An increasing number of travellers make the journey to Asia to breathe in its glorious scenery, diverse cultures and exquisite natural treasures. In the tropical Southeast, unique eco-systems are home to a vibrant collection of precious creatures, many of which are sadly climbing the “endangered” list as a result of poaching and habitat destruction.
Whether it is an adventure cruise down Borneo’s Kinabatangan River or an action-packed afternoon biking around Cambodia’s Phnom Tamao Wildlife Sanctuary, a generous sprinkling of companies across Southeast Asia offer visitors the chance to encounter some of its most magnificent inhabitants before they disappear. Many companies also educate tourists on their worthy conservation efforts and provide opportunities for them to give a little back.
Our journey begins in Malaysia’s Perhentian Islands. This small archipelago, situated off Malaysia’s west coast, is home to a turtle project run by Ecoteer Responsible Travel. Visitors enchanted by the bobbing, meandering movements of these tiny creatures can take part in the program by diving and collecting sea turtle eggs for hatching, re-planting coral reefs and lending a hand in the hatchery itself. The program, based on the Tangjung Tukas Beach, is largely funded by eco-tourism so it is well worth a visit to lend support.
People of the Forest
Moving south, our next stop is in the Malaysian part of Borneo. The lofty forests of Sumatra and Kalimantan (Borneo) are the only places in the world to catch a glimpse of orang-utans in the wild, yet thousands of these friendly-faced creatures have been killed or displaced as a result of human development. The Borneo Orang-utan Survival Foundation encourages the protection of these gentle creatures in their natural habitat, and supports research and education for their conservation. The meandering path of Borneo’s Kinabatangan River takes cruising visitors through an eclectic range of landscapes, from isolated oxbow lakes to dense swamps and mangroves. Such a setting is ideal for visitors to catch a glimpse of the famous flame coloured apes, in addition to other fascinating creatures like the Proboscis Monkey and Borneo Elephant.
Travellers with a soft spot for elephants should definitely make a trip to Cambodia’s Elephant Valley Project, which is situated in the country’s Mondulkiri province. The EVP works hand in hand with the Wildlife Conservation Society and Forestry Administration to safeguard the Seima Forest, the elephants’ natural habitat. Visitors can spend a wonderful afternoon shadowing two elephant families and learning about the unique eco-system that supports their way of life. It is also possible to volunteer by undertaking small tasks like gardening and farming. The EVP stands out from other Southeast Asian elephant adventures because elephant rides are not available to visitors.
Animal-lovers keen to explore Cambodia’s wild treasures often visit he Phnom Tamao Zoological Park and Wildlife Rescue Centre about 45 km south of Phnom Penh. The 2,285 hectare area is treated as a protected forest, and is home to a number of rare species that have been saved from the hands of poachers and traffickers. Many of Phnom Tamao’s residents, which include tigers, bears, water birds and elephants, are too vulnerable to ever be re-released into the wild. As such, the 96 varieties of mammals, birds and reptiles that call the park home often receive visitors keen to learn more about Cambodia’s conservation efforts.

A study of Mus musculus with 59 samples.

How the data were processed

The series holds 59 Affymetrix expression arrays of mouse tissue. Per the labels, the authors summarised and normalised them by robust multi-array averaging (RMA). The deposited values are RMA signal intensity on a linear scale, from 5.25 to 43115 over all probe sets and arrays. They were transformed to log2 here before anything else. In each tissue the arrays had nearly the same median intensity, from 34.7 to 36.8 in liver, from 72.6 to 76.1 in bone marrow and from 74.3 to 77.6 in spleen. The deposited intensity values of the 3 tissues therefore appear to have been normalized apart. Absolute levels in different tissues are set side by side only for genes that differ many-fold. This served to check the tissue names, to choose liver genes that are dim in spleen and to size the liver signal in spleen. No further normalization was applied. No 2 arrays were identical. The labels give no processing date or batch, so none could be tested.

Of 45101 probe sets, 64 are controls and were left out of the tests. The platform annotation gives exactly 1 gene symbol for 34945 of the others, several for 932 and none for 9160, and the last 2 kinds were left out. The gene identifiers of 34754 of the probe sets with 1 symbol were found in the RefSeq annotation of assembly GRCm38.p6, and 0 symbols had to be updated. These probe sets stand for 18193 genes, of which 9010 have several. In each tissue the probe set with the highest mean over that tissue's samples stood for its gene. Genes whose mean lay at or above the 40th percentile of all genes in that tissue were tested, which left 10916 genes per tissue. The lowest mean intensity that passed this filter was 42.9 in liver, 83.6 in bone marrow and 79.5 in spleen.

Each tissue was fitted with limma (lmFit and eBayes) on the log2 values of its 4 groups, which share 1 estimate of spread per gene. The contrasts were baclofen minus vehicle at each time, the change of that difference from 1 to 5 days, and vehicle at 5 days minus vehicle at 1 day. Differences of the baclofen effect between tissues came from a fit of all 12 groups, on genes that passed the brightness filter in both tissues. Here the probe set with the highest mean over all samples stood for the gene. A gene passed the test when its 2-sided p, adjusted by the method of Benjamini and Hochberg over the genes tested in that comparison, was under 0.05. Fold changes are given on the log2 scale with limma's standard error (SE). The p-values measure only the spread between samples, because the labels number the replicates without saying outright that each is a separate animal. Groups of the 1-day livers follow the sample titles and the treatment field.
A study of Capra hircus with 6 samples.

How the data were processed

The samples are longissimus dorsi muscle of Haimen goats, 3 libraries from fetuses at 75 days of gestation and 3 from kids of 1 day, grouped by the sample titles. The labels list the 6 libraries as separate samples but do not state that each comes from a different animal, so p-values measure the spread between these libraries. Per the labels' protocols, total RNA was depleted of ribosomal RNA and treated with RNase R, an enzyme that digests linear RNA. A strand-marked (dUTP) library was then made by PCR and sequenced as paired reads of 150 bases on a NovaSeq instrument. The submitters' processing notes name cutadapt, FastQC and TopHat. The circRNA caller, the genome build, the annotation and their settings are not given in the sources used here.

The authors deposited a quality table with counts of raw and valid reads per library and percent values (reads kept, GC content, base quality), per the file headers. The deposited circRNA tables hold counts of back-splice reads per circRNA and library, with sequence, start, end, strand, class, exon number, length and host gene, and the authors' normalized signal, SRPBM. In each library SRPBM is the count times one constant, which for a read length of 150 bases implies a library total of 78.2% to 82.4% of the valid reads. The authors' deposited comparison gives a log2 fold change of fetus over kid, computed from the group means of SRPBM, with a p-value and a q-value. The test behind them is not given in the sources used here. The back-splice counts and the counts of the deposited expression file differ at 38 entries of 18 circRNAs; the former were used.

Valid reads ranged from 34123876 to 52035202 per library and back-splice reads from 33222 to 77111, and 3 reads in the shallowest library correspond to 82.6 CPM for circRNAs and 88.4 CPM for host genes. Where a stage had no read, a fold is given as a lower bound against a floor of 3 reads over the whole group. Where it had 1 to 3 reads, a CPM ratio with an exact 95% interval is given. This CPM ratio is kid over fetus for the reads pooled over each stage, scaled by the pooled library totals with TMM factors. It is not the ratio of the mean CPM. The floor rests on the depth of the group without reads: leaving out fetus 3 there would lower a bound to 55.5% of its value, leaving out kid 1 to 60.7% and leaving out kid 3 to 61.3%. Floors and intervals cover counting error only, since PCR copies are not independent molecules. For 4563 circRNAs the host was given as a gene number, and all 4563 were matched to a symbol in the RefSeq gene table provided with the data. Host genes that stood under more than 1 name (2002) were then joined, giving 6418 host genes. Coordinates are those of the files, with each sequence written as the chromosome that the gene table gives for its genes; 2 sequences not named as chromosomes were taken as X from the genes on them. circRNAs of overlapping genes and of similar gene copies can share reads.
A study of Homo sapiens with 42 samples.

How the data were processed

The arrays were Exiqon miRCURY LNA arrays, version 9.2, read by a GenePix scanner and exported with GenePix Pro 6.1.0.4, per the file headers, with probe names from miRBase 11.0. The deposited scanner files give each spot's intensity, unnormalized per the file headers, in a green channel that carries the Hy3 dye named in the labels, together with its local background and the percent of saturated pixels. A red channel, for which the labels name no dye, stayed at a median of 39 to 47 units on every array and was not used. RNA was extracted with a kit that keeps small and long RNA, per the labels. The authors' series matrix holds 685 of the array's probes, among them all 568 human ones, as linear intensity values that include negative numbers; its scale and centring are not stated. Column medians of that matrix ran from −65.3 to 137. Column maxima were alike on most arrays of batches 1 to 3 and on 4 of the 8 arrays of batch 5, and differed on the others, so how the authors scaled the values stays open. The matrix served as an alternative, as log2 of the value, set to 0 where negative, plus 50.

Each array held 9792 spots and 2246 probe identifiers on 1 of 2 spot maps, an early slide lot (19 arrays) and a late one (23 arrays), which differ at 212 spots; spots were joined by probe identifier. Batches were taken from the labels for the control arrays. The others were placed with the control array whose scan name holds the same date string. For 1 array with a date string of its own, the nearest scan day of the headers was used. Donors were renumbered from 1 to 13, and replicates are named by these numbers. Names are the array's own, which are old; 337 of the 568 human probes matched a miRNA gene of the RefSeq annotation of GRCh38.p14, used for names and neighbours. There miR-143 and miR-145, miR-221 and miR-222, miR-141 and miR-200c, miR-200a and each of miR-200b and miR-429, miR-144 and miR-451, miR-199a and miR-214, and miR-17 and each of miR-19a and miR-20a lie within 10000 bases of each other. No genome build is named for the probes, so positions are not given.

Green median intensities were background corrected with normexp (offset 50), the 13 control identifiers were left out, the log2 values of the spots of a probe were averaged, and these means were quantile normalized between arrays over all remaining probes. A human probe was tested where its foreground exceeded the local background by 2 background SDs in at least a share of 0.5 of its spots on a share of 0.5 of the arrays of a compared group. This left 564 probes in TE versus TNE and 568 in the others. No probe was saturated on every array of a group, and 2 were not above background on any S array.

For some travellers, exploring dry land is never enough. A trip to the Philippines’ Donsol Bay offers a chance to encounter one of the ocean’s most majestic creatures – the whale shark. Donsol Eco-Tour (DET) offers marine explorers the chance to snorkel alongside these gentle giants, with sightings guaranteed between the months of November and June. DET also supports the conservation of the bay by educating tourists and the local community on how to preserve the shark’s delicate eco-system.
Benefit with Minimum Impact
By taking an active interest in local conservation projects travellers can definitely help prolong the existence of endangered species in the countries they inhabit, but even eco-tourism can be damaging without proper research or a sensitive approach to the destination and species being visited. Here are some tips to ensure you have the maximum benefit but with minimum impact.
- If you have enjoyed your trip to the Perhentian Islands or the Mondukiri EVP, why not give a little back by making a small donation or doing some voluntary work? Many eco-projects are largely funded by tourism, and supporting these worthy causes means that the magic of Southeast Asia’s wild animals can be enjoyed by generations to come.
- Do your research and be vigilant before you visit/support any site that markets itself as a sanctuary for endangered species. Unfortunately, a significant proportion of these “rehabilitation centres” treat animals cruelly, perhaps by confining them to small enclosures or even drugging them.
- Invest in a good camera. With numbers of these magnificent species dwindling as human development steps up its pace, you never know if you will get the chance to glimpse one of these wonderful creatures again. As such, your first meeting with one of them will be an encounter you’ll never want to forget.
- Respect the space of the creature you are searching for. Remember you are the invader in their natural territory, so follow the regulations of the nature reserve by remaining quiet and respectful, and not leaving behind litter.
- If you have the chance to visit one of Southeast Asia’s conservation projects, even if it is only for one afternoon, make time to talk to the wildlife rangers or guides. If you can find out more about how these animals are being protected, there may even be something you can do to support conservation efforts once you get back home.